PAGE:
Freelancers are also numerous and cheap and Upwork definitely can afford to lose some of them, or even a lot of them, as long as keep the clients. But, as in the case of Ebay, the problem is that small contractors are also potential clients. Moreover, small clients add an interesting and very desirable collateral effect to the platform: A big increase in job diversity. If you alienate those people, you risk to lose some money, but also the outliers, very specialized freelancers interested in solving rare problems or offering less common experiences in many fields.

As Ebay before promoting big asian sellers with a lot of transactions, It seems that Upwork is mostly interested in big clients with lots of work that needs to be done, posting again and again the same type of jobs. This could lead to:

1) The same few stablished freelancers being hired again and again. New freelancers eventually will lost interest and leave the platform, or will be swallowed by the sucessful freelancers, now stablished as agencies or farmers, and forced to work for less money.

2) ... Or there is always a different freelancer hired. This would point to a problem with quality of freelancers or clients (can't keep any freelancer for much time and need to repost the same job each month).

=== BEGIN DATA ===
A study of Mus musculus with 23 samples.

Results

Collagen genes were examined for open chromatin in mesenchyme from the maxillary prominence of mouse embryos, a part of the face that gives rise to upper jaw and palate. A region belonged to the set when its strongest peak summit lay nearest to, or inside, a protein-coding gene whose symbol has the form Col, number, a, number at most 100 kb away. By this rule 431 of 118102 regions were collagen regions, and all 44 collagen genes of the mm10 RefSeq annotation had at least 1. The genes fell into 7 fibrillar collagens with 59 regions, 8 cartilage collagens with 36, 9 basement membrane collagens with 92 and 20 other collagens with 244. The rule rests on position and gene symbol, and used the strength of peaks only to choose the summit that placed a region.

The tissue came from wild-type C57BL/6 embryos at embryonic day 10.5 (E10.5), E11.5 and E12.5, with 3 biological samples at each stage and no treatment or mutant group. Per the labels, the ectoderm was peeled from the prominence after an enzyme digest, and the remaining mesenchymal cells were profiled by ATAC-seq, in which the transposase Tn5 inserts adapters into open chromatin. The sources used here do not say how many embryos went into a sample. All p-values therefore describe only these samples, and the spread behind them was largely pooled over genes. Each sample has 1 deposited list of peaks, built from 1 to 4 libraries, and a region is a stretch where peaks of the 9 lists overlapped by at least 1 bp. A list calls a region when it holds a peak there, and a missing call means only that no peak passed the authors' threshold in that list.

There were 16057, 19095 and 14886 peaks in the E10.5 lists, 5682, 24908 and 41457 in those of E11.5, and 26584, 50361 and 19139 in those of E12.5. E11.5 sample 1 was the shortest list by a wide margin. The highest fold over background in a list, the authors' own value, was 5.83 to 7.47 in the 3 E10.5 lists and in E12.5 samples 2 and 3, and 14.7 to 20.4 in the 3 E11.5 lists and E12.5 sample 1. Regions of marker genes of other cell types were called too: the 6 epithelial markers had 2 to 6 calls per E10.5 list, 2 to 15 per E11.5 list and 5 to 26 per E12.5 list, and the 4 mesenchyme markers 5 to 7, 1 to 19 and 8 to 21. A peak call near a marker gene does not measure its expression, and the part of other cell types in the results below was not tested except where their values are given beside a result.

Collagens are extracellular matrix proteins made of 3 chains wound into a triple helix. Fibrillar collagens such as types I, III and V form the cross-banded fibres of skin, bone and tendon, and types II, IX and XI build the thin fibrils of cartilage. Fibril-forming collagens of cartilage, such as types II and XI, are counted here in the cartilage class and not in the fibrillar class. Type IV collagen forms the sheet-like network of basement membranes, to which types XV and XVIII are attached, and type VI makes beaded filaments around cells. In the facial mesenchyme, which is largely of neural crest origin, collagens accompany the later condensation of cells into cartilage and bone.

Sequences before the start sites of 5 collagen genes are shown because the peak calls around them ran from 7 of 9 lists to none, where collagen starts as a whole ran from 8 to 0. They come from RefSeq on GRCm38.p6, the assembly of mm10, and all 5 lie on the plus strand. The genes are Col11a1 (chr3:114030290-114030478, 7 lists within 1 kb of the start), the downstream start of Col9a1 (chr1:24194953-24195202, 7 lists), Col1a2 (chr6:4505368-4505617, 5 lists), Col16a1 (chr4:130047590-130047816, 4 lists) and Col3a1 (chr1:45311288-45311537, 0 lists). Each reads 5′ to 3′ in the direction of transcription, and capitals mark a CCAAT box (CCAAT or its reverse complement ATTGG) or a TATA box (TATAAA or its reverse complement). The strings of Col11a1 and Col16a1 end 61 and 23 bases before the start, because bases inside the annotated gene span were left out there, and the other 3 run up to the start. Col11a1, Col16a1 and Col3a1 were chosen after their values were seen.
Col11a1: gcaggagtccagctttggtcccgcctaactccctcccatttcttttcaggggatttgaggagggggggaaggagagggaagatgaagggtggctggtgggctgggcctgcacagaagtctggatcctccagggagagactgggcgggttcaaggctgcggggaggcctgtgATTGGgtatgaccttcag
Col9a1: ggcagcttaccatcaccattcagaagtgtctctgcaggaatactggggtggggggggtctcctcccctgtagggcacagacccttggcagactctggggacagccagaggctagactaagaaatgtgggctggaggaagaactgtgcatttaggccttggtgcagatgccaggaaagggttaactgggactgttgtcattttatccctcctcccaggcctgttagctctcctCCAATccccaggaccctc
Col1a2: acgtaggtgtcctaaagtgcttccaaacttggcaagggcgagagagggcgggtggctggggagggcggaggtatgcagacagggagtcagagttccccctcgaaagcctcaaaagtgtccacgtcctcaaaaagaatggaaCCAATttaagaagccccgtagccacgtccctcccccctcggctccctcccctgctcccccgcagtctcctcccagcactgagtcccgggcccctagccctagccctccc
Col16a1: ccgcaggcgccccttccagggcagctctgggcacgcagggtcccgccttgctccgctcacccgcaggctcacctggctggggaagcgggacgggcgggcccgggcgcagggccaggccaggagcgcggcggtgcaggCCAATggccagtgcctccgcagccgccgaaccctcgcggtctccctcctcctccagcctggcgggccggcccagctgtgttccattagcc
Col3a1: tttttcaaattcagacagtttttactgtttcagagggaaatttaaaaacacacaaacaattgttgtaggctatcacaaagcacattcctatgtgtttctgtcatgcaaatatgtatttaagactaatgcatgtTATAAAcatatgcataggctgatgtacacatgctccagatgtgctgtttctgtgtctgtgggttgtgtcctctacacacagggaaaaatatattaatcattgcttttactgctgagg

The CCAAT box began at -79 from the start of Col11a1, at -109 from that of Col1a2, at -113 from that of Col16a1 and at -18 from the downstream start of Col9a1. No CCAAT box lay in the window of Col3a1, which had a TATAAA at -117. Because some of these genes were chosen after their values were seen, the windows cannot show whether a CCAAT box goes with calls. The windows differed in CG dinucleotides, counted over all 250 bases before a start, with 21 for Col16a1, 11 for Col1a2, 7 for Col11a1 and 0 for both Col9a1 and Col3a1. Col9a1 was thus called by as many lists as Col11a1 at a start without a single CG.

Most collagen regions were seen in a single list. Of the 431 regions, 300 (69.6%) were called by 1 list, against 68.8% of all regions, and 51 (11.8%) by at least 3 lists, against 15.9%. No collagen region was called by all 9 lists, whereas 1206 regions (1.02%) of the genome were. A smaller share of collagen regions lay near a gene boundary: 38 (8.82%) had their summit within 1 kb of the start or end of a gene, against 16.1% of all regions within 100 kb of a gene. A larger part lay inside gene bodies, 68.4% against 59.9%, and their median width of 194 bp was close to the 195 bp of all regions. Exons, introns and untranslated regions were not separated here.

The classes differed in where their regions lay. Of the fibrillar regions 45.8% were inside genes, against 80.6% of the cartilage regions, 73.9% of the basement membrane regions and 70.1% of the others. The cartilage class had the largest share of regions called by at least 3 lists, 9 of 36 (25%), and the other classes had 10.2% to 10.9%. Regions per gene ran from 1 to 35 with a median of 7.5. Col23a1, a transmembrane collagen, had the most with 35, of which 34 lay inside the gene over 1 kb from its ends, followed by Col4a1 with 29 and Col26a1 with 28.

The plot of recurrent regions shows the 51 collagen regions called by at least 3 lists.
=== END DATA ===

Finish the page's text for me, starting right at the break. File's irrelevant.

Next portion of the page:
3) ... Or nobody is hired. A red flag that could be seen also as a worrying symptom of "ashley-madisonization" of the platform.

I hope the best for the company, but it is unclear currently to me if this will be a smart move or a big mistake.

Regardless of how you analyze it, it was clearly a mistake because the platform is literally driving many freelancers away (many contracts are short-term or <$500 contracts). The least kind thing they could have done is make the announcement about the pricing change at least one year prior the implementation, so that affected freelancers could take appropriate actions. Profit-wise, it could be considered a smart move, but even that is an uncertainty.